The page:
Today I finished my RaspBuild. The first thing I did was add a few components to the PI itself. Storage is at a premium of course, so I went ahead and added to USB drives to the ports. To keep them small and unobtrusive I pulled the plastic covers off of the two PNY drives, and just left them sticking out. Since the plast circuit boards were a little loose in the metal sleeves, I dabbed a slight bit of hot glue on the ends. Hot glue played a major part in the finishing of the SuperPi case.
So after getting the Pi positioned, the next thing was to mount the power supplies. I replaced the cords I had cut with yellow and black for the 120v inputs. The Pi voltage goes through the yellow and white wire by the power supply with the big 5V on top. The fan supply on the left used its own cable, which I left on.
After getting the wires in place, I used globs of hot glue as strain relief on the newly soldered areas, and then flipped the supplies over and glued little plastic standoff feet under them. When everything was good and cool, I positioned the 5 volt supply, made a little mark on the base of the case, and quickly squirted hot glue on the bottoms of the little feet, flipped the board over and stuck it down. I did the same with the fan board, and then soldered the yellow and black wires to the 120 volt side.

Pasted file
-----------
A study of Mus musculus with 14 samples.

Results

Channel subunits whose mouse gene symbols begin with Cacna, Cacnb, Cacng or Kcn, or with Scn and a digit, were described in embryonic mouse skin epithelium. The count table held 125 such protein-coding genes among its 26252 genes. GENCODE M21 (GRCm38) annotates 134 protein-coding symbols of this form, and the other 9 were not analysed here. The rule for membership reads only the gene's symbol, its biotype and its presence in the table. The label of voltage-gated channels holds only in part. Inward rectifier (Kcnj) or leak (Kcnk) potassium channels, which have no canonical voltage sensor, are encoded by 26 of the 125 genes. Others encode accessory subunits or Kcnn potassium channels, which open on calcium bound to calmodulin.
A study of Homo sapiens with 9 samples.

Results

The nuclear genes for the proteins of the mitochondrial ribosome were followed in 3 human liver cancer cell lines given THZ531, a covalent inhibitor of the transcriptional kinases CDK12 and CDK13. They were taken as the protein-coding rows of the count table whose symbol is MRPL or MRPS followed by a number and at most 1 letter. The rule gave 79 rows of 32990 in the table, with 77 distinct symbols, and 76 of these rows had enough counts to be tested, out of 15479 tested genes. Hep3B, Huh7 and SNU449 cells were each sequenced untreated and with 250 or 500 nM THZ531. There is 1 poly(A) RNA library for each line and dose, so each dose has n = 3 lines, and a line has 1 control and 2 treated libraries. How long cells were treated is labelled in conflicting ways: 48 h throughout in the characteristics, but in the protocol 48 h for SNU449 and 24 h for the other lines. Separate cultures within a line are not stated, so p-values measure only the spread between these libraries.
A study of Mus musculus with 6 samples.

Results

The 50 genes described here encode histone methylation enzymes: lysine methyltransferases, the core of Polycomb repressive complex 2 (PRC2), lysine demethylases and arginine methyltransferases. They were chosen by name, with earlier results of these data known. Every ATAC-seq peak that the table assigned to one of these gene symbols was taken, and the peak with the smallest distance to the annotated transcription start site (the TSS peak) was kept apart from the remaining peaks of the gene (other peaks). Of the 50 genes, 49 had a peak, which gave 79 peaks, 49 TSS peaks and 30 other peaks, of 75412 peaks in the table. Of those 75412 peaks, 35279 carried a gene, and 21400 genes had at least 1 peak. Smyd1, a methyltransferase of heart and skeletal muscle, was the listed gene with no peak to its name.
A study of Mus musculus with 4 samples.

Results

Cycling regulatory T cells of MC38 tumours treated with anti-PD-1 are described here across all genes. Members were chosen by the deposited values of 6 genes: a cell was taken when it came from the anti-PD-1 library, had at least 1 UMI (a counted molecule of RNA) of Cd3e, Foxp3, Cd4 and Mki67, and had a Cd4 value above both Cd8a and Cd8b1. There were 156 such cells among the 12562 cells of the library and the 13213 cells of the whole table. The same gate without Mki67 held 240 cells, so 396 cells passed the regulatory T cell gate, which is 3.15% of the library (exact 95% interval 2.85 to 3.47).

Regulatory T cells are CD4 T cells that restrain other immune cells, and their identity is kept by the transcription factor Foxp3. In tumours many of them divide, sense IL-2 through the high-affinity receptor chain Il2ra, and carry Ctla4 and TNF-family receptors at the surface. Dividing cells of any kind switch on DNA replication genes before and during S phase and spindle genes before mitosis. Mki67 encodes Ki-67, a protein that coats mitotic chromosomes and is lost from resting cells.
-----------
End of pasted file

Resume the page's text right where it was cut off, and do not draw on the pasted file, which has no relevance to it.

This is a closeup of the switch detail. The red switch is the fan on/off switch, and the 0/1 switch was from the original power supply. Once the Pi has shut down, this switch cuts off both power supplies and the fan.
A closeup of the business end of the Pi inside the case. Even with two USB drives and a Keyboard transmitter, I have a free slot.
Finally complete and testing. The pi is powered by the internal supply, although the external supply works just fine. I added the blue and black wire in the middle of the picture to the blue light on the rear of the case. In line with the ground side is a 330ohm resistor to keep the light from drawing too much current, and I encapsulated the whole thing in… hot glue. You can also the a dab of it on the power leads to the pi, holding them out of the way on the bottom of the case. In the bottom right corner of the photo you can see a white plug with two prongs, which in the fan cord jack. It lets me pull the top completely off and get it out of the way.
Below I have the rear panel blue light running. I’m not sure what I might do with the other lights, but blue seemed appropriate sense the fan on top runs blue. One thing I noticed that was interesting – in a normal Pi case, the red onboard power light and the green Activity light don’t show up. They are quite hard to see unless you look just right. In the SuperPi case, they really show up well with all the reflections, and there is a side port right next to them where you can look inside and see them shining.
The finished SuperPi. Sure, its like putting 30inch rims, a spoiler, and undercar lighting on a Yugo, but its all in good fun. The BEST thing about all this was it cost me NOTHING.
I had the power supplies in a box from old projects, the metal case was free because it was a PC pull, the wires all came from old PC cables or the RasPi experimenter’s kit leftover parts, and we already had the hot glue gun. The plastic standoff feet were left over as part of a kit I bought for building the LightshowPi system. The only thing it cost me was a few hours work over two days.